School officials nix classical music as safety-booster

Chopin and Mozart likely won’t be serenading students during washroom breaks or fighting crime in Toronto Catholic school parking lots anytime soon.

According to a Toronto Catholic District School Board report scheduled to be tabled Thursday, school officials have recommended striking down a proposal for piping classical music into certain areas on school property to ease student insecurity and deter crime.

The report cited “current budgetary challenges and the inconclusive evidence that it deters crime in any significant matter” as reasons not to move forward with installing the proper equipment for playing classical music in flagged safety “improvement” areas like school washrooms and parking lots.

“There are other, more inexpensive ways to ensure that students feel safe in different environments, said John Yan, spokesperson for the Toronto Catholic District School Board.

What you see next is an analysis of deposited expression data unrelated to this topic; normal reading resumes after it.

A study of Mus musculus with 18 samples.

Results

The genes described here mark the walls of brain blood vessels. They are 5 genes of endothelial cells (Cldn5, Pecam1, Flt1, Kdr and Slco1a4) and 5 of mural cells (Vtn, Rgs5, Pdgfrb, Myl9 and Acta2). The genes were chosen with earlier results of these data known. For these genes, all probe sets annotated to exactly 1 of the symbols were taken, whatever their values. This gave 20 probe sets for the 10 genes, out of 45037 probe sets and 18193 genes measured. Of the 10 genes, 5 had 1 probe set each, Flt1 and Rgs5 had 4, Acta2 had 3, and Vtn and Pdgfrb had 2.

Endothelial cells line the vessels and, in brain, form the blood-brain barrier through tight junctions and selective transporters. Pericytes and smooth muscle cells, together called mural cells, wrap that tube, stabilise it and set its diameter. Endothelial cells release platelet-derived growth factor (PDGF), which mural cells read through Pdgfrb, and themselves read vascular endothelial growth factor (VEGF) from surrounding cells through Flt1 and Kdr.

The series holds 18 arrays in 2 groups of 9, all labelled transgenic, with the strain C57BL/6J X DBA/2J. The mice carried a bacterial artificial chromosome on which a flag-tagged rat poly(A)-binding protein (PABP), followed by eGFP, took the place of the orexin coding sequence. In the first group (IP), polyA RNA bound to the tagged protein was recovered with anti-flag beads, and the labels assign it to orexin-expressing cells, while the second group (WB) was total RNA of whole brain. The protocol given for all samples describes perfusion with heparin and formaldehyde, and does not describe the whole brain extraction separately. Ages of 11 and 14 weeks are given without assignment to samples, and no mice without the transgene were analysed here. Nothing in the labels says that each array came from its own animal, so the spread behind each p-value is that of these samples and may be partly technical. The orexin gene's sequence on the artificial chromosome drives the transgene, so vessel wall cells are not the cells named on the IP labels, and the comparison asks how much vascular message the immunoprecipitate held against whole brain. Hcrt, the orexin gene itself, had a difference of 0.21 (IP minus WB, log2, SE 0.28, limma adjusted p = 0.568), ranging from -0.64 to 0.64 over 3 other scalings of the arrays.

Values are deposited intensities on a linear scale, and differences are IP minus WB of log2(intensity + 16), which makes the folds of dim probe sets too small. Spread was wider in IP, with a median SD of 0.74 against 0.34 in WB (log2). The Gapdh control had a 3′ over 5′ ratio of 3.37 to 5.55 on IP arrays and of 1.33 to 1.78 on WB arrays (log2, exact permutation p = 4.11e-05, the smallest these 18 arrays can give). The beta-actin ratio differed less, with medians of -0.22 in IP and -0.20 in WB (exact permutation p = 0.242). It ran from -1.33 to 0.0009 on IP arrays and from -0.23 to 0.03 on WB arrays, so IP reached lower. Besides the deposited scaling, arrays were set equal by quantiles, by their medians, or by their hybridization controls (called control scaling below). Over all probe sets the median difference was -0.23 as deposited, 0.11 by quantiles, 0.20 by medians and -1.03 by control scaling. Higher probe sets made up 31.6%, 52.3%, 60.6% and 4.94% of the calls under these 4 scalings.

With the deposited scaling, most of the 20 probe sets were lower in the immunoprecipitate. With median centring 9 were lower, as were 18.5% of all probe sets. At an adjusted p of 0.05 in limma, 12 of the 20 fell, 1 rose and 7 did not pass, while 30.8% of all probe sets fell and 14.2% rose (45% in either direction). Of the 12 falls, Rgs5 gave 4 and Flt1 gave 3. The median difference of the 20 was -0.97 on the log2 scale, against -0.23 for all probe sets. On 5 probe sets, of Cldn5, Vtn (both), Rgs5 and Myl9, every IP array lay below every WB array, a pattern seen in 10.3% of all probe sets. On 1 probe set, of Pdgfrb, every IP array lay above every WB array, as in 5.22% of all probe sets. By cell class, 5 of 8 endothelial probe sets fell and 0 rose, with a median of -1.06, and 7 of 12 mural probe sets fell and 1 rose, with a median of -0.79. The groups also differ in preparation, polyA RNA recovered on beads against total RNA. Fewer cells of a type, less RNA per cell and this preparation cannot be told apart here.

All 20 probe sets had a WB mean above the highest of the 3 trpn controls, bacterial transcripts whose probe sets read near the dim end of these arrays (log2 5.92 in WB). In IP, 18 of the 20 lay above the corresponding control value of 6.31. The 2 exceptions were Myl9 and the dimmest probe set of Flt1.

“It’s not about the money, it’s about the evidence and lack of evidence that’s out there that classical music piped in to bathrooms or parking lots have any effect on behaviour,” he said before Thursday’s board meeting.

Staff estimated adapting paging systems for the classical music initiative would cost more than $3 million for elementary schools, and close to $1.9 million for secondary schools.

Staff had been advised to investigate the feasibility of playing classical music in areas where students feel less secure, after trustee Maria Rizzo proposed the motion at a meeting last fall.

Although most high school students with the Toronto Catholic District School Board reported feeling “very safe or safe” in classrooms in a survey released last year, 22 per cent reported feeling “very unsafe or unsafe” in parking lots. Fewer students —14 per cent — felt that way in washrooms.